This has not been a good month for anyone in the world. But there has been some especially bad news about diabetes this month, too.

On Veteran’s Day, the International Diabetes Federation called upon the G20 world leaders — who were about to meet in Turkey Nov 15-16 — to discuss a sugar tax to help reduce, and pay for the global disease burden of both obesity and diabetes.

Diabetes has now emerged as the biggest “killer disease” globally, surpassing HIV, tuberculosis and malaria combined. (See: and

The IDF compared the crisis in diabetes to the global financial crisis of 2008, and pointed out that the global economy is at stake if we cannot get the epidemic under control. Currently 415 million adults globally have diabetes (the largest number of cases are in China), and we spend $673 billion in diabetes care. By 2040, one in every 10 adults in the world are expected to be diabetic, with cases projected to reach 642 million with healthcare spending on diabetes to reach $802 billion.

Then the Paris attacks of 11/13 happened, and no one in Turkey talked about diabetes. And fewer Americans talked about turkey. Instead, the global response to the Paris ISIS attacks dominated all discussions. Once again, the U.S. is faced with debating sending ground troops to fight a war – perhaps even a world war. This time, we’re going to need a lot of troops, and resource allocation is a problem. Our strained, all-volunteer military is exhausted after multiple tours in Iraq and Afghanistan.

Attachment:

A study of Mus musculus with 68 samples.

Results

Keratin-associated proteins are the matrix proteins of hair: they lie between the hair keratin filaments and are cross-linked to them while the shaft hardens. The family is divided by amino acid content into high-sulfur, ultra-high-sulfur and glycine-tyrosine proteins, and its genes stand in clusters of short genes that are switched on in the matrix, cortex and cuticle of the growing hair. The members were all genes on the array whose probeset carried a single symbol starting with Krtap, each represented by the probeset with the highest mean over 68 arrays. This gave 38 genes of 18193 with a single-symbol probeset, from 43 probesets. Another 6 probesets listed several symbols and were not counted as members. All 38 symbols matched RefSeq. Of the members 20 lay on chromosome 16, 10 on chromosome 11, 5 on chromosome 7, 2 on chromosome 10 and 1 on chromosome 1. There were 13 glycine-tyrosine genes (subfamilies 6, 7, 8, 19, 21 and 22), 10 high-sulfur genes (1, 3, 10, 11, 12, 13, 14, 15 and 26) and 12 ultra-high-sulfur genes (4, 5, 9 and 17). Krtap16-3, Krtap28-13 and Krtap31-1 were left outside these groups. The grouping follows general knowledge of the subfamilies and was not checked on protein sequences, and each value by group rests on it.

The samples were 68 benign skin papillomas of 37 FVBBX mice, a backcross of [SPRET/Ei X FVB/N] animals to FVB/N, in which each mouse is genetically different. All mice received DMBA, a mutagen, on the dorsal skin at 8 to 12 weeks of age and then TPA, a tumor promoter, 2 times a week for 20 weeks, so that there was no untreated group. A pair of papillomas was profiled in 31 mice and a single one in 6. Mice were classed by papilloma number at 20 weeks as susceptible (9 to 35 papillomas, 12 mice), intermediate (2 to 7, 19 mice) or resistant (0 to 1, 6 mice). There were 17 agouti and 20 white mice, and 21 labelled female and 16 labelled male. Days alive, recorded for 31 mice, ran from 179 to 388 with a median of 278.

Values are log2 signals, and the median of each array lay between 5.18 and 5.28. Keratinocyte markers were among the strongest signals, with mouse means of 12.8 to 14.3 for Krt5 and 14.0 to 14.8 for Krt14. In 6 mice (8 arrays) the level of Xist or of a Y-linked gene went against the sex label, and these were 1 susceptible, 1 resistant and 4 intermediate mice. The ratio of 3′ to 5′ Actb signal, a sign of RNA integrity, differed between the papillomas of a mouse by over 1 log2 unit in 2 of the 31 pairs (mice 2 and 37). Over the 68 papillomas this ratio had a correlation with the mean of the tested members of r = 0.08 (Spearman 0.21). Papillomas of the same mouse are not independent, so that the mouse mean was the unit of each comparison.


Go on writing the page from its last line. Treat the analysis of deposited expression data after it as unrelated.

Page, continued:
Here’s where all this connects.

In the U.S., we don’t have enough fit people to even recruit into the volunteer military because of obesity issues. See:

In fact, my first blog was about this problem. See:

The number of ground troops needed from the U.S. to fight ISIS is estimated to be around 50,000 (see:

If we need that many, we’re going to have to bring back the draft. (In fact, Russia just did that last month).  It may be that bringing back a draft, along with a sugar tax, would also solve the “diabesity” problem. Our young adults would be forced to get fit. Our older adults would consume less sugary foods, and would even help pay for the war.

Is it ethical to have a draft? At times, it is ethically justified to have a military draft; WWII met that criteria. And maybe, in the face of this heinous threat, now would be a good time to bring it back. Making our young adults fit could not only combat the obesity threat at the same time, but may prolong more lives, even when weighing the risks of putting them in harm’s way.

Not quite the usual Turkey talk in November, but that’s how Diabetes Awareness Month went down in 2015.